Mixer: What Not To Do

Mixer: What Not To Do

Have you ever wondered what happened to Mixer?  It felt like one day all you heard in the video game community was how they were poaching some of the biggest names on Twitch from across all genres and then… well, nothing. 

So, what happened?  Let’s break down what we know.  Prior to Mixer nabbing Shroud and Ninja, the streaming company first plundered a group of what some would call “Mid-Tier Talent”.  Now they compensated these steamers very generously to help build the site and its viewership.

Here comes the shady part. 

Once Mixer had their Mid-Tier talent secured they then acquired their heavy hitters, Shroud and Ninja.  Immediately afterwards Mixer essentially abandoned those Mid-Tier streamers.  When it came time for contract renewals Mixer was offering a select few of them significantly less than the tidy sum they’d used to entice the content creators from Twitch.  For most of the others Mixer sent packing. 

This is where the streamers that were still at Mixer began to see the writing on the wall and an exodus of sorts was sparked.  It was beginning to become obvious that things at Mixer just weren’t right.  So, some tucked their pride and returned chastened to Twitch while others moved to Facebook and Mixer was now reaping what they’d sown.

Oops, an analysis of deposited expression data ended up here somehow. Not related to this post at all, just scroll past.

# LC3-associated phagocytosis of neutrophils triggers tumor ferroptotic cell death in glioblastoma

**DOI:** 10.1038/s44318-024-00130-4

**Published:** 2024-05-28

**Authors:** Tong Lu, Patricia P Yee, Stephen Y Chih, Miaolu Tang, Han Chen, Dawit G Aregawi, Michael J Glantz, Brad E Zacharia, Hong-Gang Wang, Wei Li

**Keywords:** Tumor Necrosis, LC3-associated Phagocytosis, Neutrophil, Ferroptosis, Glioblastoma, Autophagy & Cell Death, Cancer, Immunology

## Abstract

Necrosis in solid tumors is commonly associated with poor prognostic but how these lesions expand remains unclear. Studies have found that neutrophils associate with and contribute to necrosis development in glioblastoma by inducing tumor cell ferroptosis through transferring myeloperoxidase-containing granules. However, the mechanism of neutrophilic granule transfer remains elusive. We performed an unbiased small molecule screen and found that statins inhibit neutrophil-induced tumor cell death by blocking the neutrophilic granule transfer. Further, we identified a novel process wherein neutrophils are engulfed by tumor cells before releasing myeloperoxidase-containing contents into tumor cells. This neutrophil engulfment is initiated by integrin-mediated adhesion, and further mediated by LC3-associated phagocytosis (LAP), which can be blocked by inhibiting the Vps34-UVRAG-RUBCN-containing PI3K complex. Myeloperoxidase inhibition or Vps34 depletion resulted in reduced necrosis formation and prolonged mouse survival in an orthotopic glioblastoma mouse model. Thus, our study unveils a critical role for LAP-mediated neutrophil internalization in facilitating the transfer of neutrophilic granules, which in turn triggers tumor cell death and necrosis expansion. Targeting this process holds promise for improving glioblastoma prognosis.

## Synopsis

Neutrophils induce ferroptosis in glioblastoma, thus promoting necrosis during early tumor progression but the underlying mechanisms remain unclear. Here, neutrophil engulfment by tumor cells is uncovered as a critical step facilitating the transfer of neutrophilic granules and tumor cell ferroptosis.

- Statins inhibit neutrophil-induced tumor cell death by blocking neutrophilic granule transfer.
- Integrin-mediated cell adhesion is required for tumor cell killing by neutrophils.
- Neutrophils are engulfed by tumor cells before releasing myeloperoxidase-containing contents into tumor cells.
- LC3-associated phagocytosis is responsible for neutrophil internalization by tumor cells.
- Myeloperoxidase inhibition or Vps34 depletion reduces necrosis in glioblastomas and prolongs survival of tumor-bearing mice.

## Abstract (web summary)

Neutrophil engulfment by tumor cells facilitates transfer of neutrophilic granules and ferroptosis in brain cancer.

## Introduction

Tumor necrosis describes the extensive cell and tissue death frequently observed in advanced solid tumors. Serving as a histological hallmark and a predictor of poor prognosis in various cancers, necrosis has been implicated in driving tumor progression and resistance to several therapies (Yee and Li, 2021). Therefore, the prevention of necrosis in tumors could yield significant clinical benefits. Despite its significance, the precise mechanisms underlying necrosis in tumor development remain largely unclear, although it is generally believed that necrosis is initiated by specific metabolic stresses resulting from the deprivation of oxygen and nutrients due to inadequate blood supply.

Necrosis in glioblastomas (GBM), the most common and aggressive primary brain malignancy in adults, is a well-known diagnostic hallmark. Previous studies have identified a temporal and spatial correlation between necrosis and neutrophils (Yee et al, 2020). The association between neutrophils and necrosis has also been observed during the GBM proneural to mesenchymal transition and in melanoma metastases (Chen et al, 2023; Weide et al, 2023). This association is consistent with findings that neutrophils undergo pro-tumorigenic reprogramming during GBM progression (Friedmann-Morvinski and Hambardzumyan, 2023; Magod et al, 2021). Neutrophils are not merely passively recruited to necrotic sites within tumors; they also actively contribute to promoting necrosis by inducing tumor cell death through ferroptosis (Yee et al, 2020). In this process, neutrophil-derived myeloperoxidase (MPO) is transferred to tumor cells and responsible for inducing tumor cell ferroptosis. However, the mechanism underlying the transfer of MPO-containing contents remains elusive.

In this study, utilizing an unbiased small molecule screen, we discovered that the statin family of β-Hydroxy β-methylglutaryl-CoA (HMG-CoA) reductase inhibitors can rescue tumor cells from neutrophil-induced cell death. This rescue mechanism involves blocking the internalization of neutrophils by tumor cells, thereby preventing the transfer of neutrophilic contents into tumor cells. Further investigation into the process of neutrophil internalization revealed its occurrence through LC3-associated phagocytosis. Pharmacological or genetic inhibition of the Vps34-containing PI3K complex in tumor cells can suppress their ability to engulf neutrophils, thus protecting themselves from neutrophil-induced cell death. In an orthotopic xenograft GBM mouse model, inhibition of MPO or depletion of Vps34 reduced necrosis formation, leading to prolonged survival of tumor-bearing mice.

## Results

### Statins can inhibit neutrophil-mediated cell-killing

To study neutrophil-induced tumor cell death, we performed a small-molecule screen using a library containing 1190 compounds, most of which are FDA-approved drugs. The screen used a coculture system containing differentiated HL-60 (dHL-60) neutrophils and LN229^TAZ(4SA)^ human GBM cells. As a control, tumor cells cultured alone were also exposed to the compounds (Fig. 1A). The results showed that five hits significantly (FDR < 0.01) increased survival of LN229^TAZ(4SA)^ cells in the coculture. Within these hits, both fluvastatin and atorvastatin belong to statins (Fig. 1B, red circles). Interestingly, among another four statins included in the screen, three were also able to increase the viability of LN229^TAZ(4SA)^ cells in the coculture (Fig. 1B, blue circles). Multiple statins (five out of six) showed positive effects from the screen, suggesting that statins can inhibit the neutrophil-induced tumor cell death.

They had turned their back on their streamer base.  They thought that they were going to float their platform off the broad backs of their pair of streaming leviathans and woe betide the mid-tier streamer foolish enough to enter a pact with such sharks.

An interesting thing to watch moving forward will be the juxtaposition between the way Facebook and YouTube are running their streaming services. 

Facebook is very much going the way of Mixer.  Offering exorbitant amounts of money to big names while neglecting their smaller names.  Facebook has even been caught misrepresenting their viewership numbers in what appears to be a ploy to mimic growth on their streaming platform.

YouTube has seemed to have achieved a workable strategy.  It’s more about securing big talent with big money and having the systems in place to keep making money off these big names through their VOD services.  Basically meaning that these big names are always making money even when they’re not LIVE.  Through the algorithmic discovery program YouTube ensures that everyone is making as much money as is possible through relevance and industry trends. 

Hopefully other streaming platforms can learn from this blueprint because I think we can all agree that Mixer’s way… ain’t it, Chief.